Analysis by the Citistates Group. To view the original report, click here.
METROPOLITAN REGIONS are the dominant demographic and physical form, the citistates of the 21st century. They’re the critical base for the globalized economy. In a world of expanding trade flows and borderless economies, they represent a framework—flexible, organic, creative—that makes practical sense. Some metros are far larger in population than entire states (or even nations). Yet because of their relative compactness, metros—even those with millions of population—offer more opportunities for direct connections, to deal pragmatically with shared challenges, than either states or nation states. Face-to-face contact makes it possible for metro economies, universities, transportation, environmental systems to work in tandem. Metros can bring many sectors to the table and forge widely supported agendas. They are arenas to build relationships and trust—respect, empathy, inclusiveness— in stark contrast with the divisive partisanship and ideologies that easily paralyze decision-making
at the level of states and nations.
Metros can bring many sectors to the table and forge widely supported agendas.
Collectively, metros now represent an overwhelming share (the largest 100 alone are 66 percent) of the United States’ population—and even more of its economy. They’re home to all but a few corporate headquarters and financial institutions. They’re centers of innovation, the site of most of the nation’s great universities, the 21st century’s hotbeds of innovation and talent building. Without them, the United States would be a pale shadow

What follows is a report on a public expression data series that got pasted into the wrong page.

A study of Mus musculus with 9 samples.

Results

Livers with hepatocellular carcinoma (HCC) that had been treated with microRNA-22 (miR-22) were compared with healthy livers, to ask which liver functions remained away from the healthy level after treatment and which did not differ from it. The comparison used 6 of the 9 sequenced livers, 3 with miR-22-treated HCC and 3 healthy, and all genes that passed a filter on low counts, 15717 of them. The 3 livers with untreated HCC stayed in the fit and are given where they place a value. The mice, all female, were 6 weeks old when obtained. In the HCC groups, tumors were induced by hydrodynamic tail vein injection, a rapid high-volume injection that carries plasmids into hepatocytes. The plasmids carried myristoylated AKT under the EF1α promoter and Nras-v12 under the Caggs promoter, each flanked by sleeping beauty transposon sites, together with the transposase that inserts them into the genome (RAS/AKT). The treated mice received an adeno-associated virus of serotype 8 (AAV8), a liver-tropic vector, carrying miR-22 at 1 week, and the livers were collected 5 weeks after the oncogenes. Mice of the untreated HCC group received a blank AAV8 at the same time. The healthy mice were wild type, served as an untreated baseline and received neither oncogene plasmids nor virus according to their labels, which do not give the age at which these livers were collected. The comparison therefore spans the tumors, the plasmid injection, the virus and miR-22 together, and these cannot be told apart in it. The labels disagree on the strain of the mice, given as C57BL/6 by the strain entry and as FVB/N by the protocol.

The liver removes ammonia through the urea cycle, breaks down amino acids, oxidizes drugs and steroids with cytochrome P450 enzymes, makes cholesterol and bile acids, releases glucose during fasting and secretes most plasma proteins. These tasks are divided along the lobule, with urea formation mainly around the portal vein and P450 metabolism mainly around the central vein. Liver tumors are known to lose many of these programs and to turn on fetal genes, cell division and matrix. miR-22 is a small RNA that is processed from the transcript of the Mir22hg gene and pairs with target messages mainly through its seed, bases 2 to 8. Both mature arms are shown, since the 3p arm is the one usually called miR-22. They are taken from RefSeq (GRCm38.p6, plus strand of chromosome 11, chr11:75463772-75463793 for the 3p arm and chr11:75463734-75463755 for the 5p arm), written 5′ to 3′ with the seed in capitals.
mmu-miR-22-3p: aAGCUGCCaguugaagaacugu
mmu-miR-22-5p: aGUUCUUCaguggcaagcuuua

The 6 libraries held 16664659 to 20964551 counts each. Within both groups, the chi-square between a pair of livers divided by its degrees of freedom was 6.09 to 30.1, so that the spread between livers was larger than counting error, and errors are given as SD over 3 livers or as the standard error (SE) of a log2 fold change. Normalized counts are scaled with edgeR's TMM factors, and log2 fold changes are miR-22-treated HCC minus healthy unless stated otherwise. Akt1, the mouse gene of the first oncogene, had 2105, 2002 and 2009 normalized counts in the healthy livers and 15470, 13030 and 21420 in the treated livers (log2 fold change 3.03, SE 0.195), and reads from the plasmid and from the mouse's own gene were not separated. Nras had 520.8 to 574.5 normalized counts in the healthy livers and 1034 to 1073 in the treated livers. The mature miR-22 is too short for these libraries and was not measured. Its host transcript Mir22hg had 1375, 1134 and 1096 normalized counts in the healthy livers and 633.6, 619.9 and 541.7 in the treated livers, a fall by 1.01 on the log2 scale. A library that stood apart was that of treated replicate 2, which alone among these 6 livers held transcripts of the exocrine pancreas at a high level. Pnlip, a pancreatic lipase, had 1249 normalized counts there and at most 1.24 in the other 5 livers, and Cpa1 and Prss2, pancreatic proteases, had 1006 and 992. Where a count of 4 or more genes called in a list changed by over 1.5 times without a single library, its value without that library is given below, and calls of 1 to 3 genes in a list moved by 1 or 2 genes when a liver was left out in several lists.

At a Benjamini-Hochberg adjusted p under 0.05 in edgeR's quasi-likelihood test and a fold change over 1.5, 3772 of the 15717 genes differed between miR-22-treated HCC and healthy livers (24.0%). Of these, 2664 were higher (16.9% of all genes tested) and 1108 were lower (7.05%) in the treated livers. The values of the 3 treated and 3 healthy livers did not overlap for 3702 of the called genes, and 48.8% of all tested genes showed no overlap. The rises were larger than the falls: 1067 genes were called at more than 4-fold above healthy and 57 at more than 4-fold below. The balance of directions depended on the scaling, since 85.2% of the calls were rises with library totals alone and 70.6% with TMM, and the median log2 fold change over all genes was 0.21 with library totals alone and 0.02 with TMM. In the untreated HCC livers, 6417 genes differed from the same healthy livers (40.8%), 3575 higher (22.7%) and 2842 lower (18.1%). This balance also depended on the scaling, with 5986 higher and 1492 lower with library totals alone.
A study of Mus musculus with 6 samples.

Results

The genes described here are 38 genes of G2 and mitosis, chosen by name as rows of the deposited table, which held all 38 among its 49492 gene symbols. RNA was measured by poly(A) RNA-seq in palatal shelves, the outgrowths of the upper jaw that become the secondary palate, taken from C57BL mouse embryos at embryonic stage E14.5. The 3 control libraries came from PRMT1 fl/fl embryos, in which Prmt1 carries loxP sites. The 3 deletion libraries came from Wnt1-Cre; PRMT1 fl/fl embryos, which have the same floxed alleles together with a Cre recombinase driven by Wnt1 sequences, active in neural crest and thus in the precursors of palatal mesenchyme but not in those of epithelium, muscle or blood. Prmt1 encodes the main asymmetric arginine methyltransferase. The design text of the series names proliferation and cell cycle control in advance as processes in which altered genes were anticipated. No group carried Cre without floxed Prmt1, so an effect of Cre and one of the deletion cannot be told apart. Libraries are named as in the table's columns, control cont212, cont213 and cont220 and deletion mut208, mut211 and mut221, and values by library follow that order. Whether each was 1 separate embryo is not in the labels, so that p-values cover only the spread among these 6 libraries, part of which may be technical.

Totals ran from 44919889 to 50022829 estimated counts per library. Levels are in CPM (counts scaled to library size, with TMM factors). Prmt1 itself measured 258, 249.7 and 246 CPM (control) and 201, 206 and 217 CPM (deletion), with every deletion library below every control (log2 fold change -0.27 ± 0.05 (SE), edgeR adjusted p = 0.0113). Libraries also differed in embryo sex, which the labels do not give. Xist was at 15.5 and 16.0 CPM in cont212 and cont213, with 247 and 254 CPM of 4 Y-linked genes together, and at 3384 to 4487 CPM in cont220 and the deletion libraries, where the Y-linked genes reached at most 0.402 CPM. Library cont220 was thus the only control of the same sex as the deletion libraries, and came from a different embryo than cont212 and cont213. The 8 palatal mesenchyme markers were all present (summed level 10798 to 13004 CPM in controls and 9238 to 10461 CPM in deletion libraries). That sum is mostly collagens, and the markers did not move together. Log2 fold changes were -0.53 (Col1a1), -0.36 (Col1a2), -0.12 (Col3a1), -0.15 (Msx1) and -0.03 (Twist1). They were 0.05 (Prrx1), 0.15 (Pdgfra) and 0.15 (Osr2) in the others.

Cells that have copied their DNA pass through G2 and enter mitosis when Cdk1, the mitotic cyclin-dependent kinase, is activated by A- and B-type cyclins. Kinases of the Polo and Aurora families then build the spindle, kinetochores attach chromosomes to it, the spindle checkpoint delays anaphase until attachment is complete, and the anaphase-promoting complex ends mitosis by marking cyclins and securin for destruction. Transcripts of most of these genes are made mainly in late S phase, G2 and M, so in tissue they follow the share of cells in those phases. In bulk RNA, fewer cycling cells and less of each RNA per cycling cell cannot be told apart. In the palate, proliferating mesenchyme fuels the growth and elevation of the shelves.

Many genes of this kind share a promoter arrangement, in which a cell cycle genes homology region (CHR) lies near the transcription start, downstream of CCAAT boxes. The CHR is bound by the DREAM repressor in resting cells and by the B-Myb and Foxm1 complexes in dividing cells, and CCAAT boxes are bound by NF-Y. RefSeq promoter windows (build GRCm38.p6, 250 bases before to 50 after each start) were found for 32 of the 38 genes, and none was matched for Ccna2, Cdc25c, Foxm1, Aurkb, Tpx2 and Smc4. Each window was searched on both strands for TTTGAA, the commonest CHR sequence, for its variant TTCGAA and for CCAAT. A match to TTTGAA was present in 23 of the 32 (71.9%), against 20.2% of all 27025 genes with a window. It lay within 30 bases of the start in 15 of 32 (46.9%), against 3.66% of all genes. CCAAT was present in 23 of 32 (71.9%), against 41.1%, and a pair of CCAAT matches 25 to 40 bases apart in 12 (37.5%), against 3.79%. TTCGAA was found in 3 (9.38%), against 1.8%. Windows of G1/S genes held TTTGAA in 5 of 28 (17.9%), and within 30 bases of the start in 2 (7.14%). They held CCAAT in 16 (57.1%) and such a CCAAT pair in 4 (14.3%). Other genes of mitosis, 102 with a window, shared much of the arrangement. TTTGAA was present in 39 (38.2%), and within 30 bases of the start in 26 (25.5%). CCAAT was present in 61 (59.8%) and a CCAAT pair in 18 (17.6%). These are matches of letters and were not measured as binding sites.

of its present self.
But—metros are also well described as “messy.” Regional problem-solving is usually complicated, difficult, frustrating and full of surprises. Each multi-jurisdictional issue has its own scale and scope, its own “region”—sometimes the same as, sometimes quite different from regions designated by state governments. Many challenges are made all the more complex when the physical region actually spreads across state lines. (There are actually 30 such regions in the U.S. today). Regional accords don’t always come easily—they’re more often the fruit of grit and public interest vision. They’re about working through
competing interests and values, dealing with disagreements but also searching out new synergies, compatible goals. An essential component: broad-minded regional leadership—political, business, university, foundation or other, that can
see beyond differences to mutual gain.